European Commission: unambitious on Robin Hood Tax
The European Commission has produced a new Communication on Financial Transaction Taxes, which says that the EC supports a global FTT, but at European level prefers a Financial Activities Tax (FAT), which is similar to the IMF position. An FAT would raise just €25bn a year across Europe, as opposed to an FTT which could raise hundreds of billions. So it’s unsatisfactory, and the ETUC have slammed it also because it’s a way of passing the buck by refusing to have an FTT until every other country has one. However, it is a step forward, as it is more positive about FTTs than the Commission has been in the past – the only remaining objection to an EU or country-by-country tax as far as the Commission is concerned is that FTTs might lead people to leave Europe for other financial destinations (the counter argument is that 16 out of the 20 countries in the G20 already have some form of FTT, and that doesn’t seem to have led to a huge increase in global migration). The key point to keep making, I think, is that the Commission is being far less ambitious about taxing the financial sector than about cutting public services, where they are alarmingly gung ho!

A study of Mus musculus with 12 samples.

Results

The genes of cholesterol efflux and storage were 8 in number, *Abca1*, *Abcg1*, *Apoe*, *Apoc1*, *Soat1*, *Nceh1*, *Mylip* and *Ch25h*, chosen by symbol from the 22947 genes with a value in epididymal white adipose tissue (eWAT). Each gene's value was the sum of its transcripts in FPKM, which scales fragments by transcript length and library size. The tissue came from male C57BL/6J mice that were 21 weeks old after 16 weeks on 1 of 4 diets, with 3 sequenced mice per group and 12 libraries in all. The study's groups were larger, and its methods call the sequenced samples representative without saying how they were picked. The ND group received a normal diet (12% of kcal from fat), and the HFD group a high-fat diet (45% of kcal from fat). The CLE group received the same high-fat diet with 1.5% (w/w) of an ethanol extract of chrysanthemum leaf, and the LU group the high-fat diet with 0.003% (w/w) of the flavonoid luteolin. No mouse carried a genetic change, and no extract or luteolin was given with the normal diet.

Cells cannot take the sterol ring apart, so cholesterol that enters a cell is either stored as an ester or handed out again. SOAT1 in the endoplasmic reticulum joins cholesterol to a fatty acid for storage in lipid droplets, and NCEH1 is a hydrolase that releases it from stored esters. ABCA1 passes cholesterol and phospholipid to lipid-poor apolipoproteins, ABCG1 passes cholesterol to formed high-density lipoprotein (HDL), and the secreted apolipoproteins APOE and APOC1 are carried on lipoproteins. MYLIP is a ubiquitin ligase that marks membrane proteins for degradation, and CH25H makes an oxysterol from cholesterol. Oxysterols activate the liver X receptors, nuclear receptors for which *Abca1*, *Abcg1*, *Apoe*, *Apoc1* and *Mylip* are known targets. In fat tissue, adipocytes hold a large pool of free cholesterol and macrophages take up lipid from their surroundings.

The detail of the Commission paper agreed today – which will be put before EU Finance Ministers next week, as a pre-cursor to discussions at the next EU summit – says that FTTs are feasible, distributive (although it’s a bit grudging on that!) and would raise shed loads of money – indeed they suggest that a 0.1% tax on share transactions would itself raise €60 billion a year globally, which means that a 0.5% tax rate (which is what the UK levies in stamp duty) could raise €300 billion all on its own!
But, rejecting an FTT unless adopted globally is essentially a way of passing the buck to other G20 countries – such as Canada and the USA – who are known to oppose the idea. That partly explains the ETUC’s hostile response. Some others are suggesting a more positive spin, welcoming the FAT and hoping to increase the sum it generates so that there is more money available. Unions are less willing to throw in the towel yet – and there is a huge gap between the resources the FAT and FTT would raise.
The TUC position was set out by Brendan Barber who said:
‘The Commission has responded to public pressure. This is a much more positive approach to financial transaction taxes (FTTs) than we have seen in the past. But European Commission support for a global FTT should not let the EU and member states off the hook of implementing their own transaction taxes. IMF research shows that not only is this perfectly feasible but that 16 G20 countries already have some form of FTT. European governments like France, Germany and Spain – and of course the UK – should over-rule the over-cautious Brussels bureaucrats.’